Wednesday, September 03, 2014

Savages Three!

     I had a Savage before Tam did.  They're interesting little guns, a "near miss" that enjoyed no small success before WW I.
     Here are mine, three of the four main variations, a wide-grip "1917" model (none released until 1920 as far as I know) and a pair of 1907s. The older 1907 has wide serrations on the slide and a solid cocking lever -- that's not a hammer, these are striker-fired guns.  The newer one has fine serrations and a spur-type cocking lever.  All three of these are .32; Savage made them in .380 but the larger caliber is considerably less common.

     They are pleasant to shoot when in good condition.  An unknown Savage automatic should be carefully cleaned and inspected and, like all used autos, shot multiple times with only one cartridge in it to check function before moving on to two in the magazine, etc.

12 comments:

John Richardson said...

I've not thought about collecting Savage pistols before. I've only thought about the rifles. What is the going rate for these pistols?

Mark/GreyLocke said...

I am reminded of a small Savage pistol in .32 ACP but I cannot remember the model number.

Tam said...

John,

Even the unusual Savages rarely get much over six bills, and the majority are in the $200-$300 range, like Hand Ejectors before the recent madness.

Additionally, there are literally dozens of variants, all neatly documented in the Carr and Brower books, so there's the "collect the whole set!" appeal.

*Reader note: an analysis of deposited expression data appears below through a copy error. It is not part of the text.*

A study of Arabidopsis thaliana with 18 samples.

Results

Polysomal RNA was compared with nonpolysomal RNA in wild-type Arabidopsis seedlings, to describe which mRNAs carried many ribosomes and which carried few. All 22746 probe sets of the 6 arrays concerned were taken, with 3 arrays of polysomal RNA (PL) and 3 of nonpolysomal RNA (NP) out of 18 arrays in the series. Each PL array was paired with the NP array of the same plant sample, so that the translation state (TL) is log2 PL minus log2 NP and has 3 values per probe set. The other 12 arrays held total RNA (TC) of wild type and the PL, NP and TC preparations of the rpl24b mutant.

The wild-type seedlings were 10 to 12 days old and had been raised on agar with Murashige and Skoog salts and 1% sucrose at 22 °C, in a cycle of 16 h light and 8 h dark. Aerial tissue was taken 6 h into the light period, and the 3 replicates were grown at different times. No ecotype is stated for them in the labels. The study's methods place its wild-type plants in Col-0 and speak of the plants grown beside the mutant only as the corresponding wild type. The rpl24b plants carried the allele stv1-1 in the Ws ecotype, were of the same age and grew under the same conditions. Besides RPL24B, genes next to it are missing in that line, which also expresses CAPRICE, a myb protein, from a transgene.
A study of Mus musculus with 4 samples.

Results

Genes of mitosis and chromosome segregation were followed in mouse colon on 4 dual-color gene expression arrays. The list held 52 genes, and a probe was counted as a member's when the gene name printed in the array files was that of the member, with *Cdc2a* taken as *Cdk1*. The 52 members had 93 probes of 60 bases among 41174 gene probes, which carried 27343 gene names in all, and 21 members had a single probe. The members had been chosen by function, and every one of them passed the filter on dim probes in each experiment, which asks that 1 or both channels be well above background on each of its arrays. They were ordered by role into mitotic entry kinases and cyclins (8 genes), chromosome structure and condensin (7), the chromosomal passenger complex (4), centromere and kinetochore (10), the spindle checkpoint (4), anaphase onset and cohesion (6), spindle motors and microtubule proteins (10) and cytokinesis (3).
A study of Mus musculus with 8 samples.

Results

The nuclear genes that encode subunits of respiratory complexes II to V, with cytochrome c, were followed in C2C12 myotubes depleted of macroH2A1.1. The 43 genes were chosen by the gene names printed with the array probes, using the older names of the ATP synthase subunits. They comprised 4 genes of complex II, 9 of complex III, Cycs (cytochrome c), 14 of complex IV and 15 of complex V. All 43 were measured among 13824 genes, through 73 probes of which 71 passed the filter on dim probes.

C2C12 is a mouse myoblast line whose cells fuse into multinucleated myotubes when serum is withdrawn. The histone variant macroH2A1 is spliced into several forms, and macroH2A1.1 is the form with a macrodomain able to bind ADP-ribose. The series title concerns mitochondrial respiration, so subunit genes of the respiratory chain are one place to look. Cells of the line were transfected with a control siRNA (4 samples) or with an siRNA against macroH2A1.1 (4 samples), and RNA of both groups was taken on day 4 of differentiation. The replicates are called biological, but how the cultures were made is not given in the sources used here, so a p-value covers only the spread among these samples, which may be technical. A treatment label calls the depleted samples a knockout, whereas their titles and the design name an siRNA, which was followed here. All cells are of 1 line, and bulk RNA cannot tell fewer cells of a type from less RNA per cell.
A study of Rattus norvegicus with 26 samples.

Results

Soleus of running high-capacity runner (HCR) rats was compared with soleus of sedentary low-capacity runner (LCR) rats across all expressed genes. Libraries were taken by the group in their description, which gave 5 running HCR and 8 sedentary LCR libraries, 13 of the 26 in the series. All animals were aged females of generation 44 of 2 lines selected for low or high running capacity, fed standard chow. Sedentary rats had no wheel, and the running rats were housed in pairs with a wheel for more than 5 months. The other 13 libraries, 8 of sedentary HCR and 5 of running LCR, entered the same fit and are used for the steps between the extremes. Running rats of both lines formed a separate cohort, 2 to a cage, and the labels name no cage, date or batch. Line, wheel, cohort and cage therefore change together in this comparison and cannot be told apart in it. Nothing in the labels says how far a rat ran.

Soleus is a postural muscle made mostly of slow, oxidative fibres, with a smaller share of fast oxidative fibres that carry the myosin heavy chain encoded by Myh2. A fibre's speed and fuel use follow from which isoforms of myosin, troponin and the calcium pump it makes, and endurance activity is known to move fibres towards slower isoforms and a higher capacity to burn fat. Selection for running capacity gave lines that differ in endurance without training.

Robin said...

Arrrgh. You just posted this to increase my jealousy from T's collection. ;-)

rickn8or said...

You and Tam are the reason my Envyometer® stays broken.

The Scribbler said...

This is one of the things I always love about the gun blogs. I cannot afford to buy collections like this. Heck, at this point in my life I can't afford the books ABOUT the collections. Being fascinated by guns and the different approaches, engineering, etc. is made a lot easier by stuff like this. So, in my roundabout fashion, Thanks!

Less thanks is now another set of guns on the long list. I am never gonna complete that list...

Kristophr said...

Older .32s are surprisingly cheap to collect.

I paid a couple hundred for my H&R Webley copy.

Echo said...

They look so futuristic. When you hear "striker fired concealed carry .380 with a loaded chamber indicator", you sure don't think "patented: 1905".

Old NFO said...

Very nice! I've never actually seen one in the wild...

Roberta X said...

Echo: "...futuristic. ... "striker fired concealed carry .380 with a loaded chamber indicator", you sure don't think "patented: 1905".

But wait, there's more! They also have double-stack staggered-box magazines with ten-round capacity with six or less was the norm and a manual safety that falls naturally under your thumb. Models with a cocking spur don't have visible rear sights unless the gun is cocked. Plus, making a virtue of the necessity of getting around Mr. Colt's patents, nearly all of the lockwork is contained within the easily-removable breechblock module.

In 1907, the Savage automatic was an absolute ray gun, straight out of Flash Gordon.

The much simpler Colt (Browning) "Pocket Hammerless" design lent itself much more readily to mass-production, even by the piecework Spanish gun industry, and a huge number of variations were produced in massive quantity in Spain alone during WW I. There was no way Savage was going to beat guns of that design on price or volume -- but even so, the little Savage didn't go down without having put up a fight. Before WW I, they built more pocket autos than Colt.

docjim505 said...

I've read elsewhere that they tend to bite the web of the hand. Do I take it that this has not been your experience?

Roberta X said...

Not so far. If the shooter has large and/or fleshy hands, it would certainly be possible, but no more so than any other pocket automatic of similar size.